The use of medium-sized highly brilliant soft X-ray synchrotron radiation (SR) enables analyses with much better spatial, energy and time resolution, resulting in visualizing surface/interface electronic structure in nano regions. In order to improve performances of electronic, magnetic and energy devices, it is required to characterize and control electronic structures. In the world, several SR rings with the emittance of less than 1 nmrad are being constructed, aiming at revolutionary progress of surface/interface sciences using soft X-rays. Although we have constructed the University of Tokyo Outstation at SPring-8 for soft X-ray surface/interface sciences, medium-sized highly brilliant SR ring is strongly required for further development in this field. In this article, nano-region photoelectron spectroscopy for graphene FET and ReRAM, soft X-ray emission spectroscopy for fuel cells and Li ion batteries, and time-resolved photoelectron spectroscopy for photocatalysts are introduced, and future prospects of soft X-ray surface/interface sciences are discussed.
Future plans for synchrotron radiation research are described after a broad overview of progress in Japanese synchrotron radiation science. In particular a recent plan of high brilliance light source, which is proposed to Master Plan 2014 of Science Council of Japan by the Japanese Society for Synchrotron Radiation Research, is reported in detail. Lastly, the perspectives in materials and life sciences using synchrotron radiation will be mentioned.
Since there has been a strong requirement in Japan for a new medium size synchrotron radiation facility that provides high brilliant photons in the soft X-ray region, the SLiT-J project is proposed by 7 national universities in Tohoku area. In addition to the synchrotron radiation characteristics, the manuscript describes a basic concept of designing the storage ring, expected performance of the SLiT-J and future prospects of the project.
Progress of spectroscopic studies in soft-X-ray regime is discussed. From the first utilization of ES (Electron Synchrotron) in University of Tokyo, synchrotron radiation spectroscopy, especially in vacuum ultraviolet and soft-X-ray region plays important rolls for the study of condensed matters. Not only the advanced synchrotron light source but also new detection methods have given us a lot of advantages in investigations especially in surface science. Recent trend in spectroscopy is combination with microscopy and time-resolved measurements. These show us the frontiers in intrinsic nature of matters.
Si-based electronics has reached an ultimate fabrication level (22 nm design rule), which makes further progress hardly achieved. Therefore, 2D atomic layers including graphene have been extensively studied as next-generation device materials to supplement device functions which Si-based electronics cannot serve. Unfortunately, however, there is a gap between material electronic properties and device performances in the researches on 2D atomic layers. We demonstrate soft x-ray operando spectromicroscopies, photoemission electron microscopy (PEEM) and 3D scanning photoelectron microscopy (3D nano-ESCA), in SPring-8 to bridge the gap in graphene research. The complementary use of these operando spectromicroscopies enables us to probe both valence band and conduction bands of graphene channels under operation, resulting in revealing the effects of the interfaces with contact metal and oxide. The significance of the operando spectromicroscopy is now recognized, resulting in the adoption as a major research target in NEDO academic-industrial alliance project.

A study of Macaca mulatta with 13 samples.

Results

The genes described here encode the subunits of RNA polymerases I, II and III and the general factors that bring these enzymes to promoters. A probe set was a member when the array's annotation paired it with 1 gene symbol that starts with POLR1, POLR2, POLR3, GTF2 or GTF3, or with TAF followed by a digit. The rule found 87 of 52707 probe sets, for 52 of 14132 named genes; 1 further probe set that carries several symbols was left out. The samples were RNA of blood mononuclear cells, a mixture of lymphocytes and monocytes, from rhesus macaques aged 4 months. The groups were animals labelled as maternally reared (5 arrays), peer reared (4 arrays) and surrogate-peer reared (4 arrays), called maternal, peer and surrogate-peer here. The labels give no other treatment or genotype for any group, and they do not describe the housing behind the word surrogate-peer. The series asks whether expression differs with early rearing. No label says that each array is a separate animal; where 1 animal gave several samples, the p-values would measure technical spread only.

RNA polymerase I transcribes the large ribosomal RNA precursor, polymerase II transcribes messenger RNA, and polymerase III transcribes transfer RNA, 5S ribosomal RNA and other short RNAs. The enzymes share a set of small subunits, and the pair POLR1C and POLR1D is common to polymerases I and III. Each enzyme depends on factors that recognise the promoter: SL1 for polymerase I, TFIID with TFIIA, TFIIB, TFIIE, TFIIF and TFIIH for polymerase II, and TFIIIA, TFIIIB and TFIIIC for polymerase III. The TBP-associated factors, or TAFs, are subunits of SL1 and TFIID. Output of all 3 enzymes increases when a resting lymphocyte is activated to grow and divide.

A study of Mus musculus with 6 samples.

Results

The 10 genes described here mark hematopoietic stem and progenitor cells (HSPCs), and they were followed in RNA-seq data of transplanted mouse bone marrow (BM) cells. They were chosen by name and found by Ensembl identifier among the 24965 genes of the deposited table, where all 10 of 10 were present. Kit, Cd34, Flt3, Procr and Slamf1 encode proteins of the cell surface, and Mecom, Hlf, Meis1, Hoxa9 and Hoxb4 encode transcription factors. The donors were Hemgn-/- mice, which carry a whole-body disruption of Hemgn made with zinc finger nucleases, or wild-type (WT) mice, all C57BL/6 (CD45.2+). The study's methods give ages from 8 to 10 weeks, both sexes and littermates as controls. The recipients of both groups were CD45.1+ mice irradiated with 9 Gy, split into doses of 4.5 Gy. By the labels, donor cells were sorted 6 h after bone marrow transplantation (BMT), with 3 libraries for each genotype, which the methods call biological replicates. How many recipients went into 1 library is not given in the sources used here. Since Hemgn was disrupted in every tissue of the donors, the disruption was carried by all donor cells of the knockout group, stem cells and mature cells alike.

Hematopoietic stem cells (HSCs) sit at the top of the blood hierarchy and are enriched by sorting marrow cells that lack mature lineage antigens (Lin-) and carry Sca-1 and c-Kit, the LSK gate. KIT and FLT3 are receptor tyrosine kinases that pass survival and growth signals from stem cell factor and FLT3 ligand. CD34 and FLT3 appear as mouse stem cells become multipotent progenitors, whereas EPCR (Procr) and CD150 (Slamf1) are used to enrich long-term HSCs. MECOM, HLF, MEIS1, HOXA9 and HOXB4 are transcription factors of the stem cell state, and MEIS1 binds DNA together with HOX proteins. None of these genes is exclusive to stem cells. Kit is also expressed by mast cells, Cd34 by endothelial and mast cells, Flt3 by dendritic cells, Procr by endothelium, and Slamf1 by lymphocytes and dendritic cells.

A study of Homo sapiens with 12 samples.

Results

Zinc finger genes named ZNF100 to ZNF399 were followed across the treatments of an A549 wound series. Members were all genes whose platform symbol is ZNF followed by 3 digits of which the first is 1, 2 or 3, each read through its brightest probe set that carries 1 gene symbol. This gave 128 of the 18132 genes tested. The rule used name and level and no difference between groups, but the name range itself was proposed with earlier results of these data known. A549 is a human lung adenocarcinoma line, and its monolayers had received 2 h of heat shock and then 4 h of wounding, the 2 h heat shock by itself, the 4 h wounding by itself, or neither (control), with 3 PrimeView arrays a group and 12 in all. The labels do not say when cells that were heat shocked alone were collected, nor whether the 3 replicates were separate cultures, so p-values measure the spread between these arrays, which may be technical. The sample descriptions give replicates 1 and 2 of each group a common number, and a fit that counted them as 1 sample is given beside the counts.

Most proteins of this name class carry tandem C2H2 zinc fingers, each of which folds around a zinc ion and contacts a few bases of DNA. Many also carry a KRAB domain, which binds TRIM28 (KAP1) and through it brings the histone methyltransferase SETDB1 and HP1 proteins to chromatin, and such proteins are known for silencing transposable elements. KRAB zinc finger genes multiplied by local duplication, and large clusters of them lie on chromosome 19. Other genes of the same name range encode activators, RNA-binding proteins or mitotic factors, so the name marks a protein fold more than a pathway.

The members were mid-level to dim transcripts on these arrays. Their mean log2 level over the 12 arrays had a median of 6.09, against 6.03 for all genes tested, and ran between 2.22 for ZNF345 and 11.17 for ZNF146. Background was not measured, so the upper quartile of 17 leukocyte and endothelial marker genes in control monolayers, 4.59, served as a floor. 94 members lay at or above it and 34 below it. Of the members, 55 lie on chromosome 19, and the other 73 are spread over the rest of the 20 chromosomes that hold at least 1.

A novel experimental technique, time-resolved wavelength-dispersive soft X-ray imaging spectroscopy, is proposed in order to achieve real-time and real-space resolved spectroscopy for the observation of irreversible and inhomogeneous surface chemical reactions. By combining the wavelength-dispersed soft X rays, in which the X-ray wavelength (photon energy) changes as a function of position on the sample, with the photoelectron emission microscope, the soft X-ray absorption spectra are separately obtained at different positions on the sample without scanning the X-ray monochromator. Therefore, the real-time resolved measurement of site-selective soft X-ray absorption spectroscopy is realized in one event without repeating the chemical reaction. It is expected that the spatial distribution of different chemical species is traced during the surface chemical reaction, which is essential to understand the reaction mechanism.
Live cell imaging is important to understand the cell function such as membrane dynamics. Scanning probe microscopy (SPM) is used for evaluation of cell surface topography with nano-scale, but in most cases the measurement induced cell damage when probe contact with the cell surface. Scanning Ion Conductance Microscopy (SICM) uses ion current as a feedback signal for nanopipette probe-sample distance control. SICM allows non-contact live cell imaging and high-resolution characterization of dynamic changes of cell surface. Furthermore, SICM can combine with other analytical tool as distance control technique.